Egypt signed Tuesday a memorandum of understanding with Canadian plane and train manufacturer Bombardier Inc to finance and construct Cairo’s sixth metro line.
The deal announced by Egyptian Transportation Minister Hesham Arafat, who said the project will reduce pressure on the metro’s existing Line 1.
Tarek Gamal El-Din, Chairman of the National Authority for Tunnels (NAT), has signed the deal in Cairo with Laurent Bouyer, Bombardier’s Vice President of Marketing and Sales for Western Europe, Middle East, and Africa.
The sixth line will stretch over 20 kilometres parallel to the first line, with a total of 24 stations, 12 of them underground, with an initial cost estimated at $4 billion. It will run from northern Cairo, near the ring road, then head south, passing through Greater Cairo’s Shubra El-Kheima and New Maadi, ending at the start of Ain El-Sokhna Road.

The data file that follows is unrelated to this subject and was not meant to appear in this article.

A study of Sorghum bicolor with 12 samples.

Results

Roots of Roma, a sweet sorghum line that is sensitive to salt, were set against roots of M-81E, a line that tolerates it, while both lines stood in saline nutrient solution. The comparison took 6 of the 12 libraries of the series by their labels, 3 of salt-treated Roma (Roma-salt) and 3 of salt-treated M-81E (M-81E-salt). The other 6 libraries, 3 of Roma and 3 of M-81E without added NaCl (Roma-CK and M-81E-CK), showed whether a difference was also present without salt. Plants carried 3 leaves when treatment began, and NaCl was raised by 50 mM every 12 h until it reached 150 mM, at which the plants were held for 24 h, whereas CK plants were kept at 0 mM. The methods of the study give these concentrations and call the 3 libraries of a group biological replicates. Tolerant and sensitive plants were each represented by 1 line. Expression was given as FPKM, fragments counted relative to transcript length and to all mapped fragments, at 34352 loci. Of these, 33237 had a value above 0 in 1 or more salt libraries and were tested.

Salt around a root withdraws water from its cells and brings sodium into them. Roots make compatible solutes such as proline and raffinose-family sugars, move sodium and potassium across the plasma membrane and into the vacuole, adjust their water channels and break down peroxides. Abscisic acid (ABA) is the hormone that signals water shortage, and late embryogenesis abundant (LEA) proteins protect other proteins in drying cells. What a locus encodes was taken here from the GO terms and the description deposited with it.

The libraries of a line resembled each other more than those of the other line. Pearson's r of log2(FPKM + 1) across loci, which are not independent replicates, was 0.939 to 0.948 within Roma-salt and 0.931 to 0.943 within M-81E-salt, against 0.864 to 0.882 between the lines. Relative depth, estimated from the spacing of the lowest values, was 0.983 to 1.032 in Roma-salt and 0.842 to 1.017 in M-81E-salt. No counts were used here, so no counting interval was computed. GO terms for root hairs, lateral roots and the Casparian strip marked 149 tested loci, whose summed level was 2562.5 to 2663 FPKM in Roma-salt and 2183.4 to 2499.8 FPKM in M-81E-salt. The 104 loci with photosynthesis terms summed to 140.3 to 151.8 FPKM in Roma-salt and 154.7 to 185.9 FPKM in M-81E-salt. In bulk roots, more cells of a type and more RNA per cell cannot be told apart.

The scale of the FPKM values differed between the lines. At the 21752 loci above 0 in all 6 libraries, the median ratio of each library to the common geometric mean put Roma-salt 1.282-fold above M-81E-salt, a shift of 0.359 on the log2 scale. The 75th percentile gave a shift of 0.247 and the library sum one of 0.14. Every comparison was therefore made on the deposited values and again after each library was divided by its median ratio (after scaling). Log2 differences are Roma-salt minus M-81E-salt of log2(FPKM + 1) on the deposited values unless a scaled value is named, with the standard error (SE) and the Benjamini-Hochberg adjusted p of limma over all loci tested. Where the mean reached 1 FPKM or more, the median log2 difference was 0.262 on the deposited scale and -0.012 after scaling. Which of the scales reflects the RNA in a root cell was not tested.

The deal stipulates that at least 40 percent of the materials used must be produced in Egypt, thereby promoting local production, according to a statement released by the Ministry of Transportation. However, Tuesday’s statement did not set a specific time frame for the construction project.
Arafat explained that the sixth line will intersect with the first line at Ghamra station and the fourth line at Fustat station.
The capacity of the first line is 1.8 million passengers, yet it carries 2 million passengers a day, the minister added.
The sixth line is set to accommodate around half a million passengers, he said.
The Cairo metro, launched in 1987, is one of the oldest in the Middle East and Africa, and is used by millions to get around the bustling city. The metro plays an important role in combating Cairo’s traffic woes.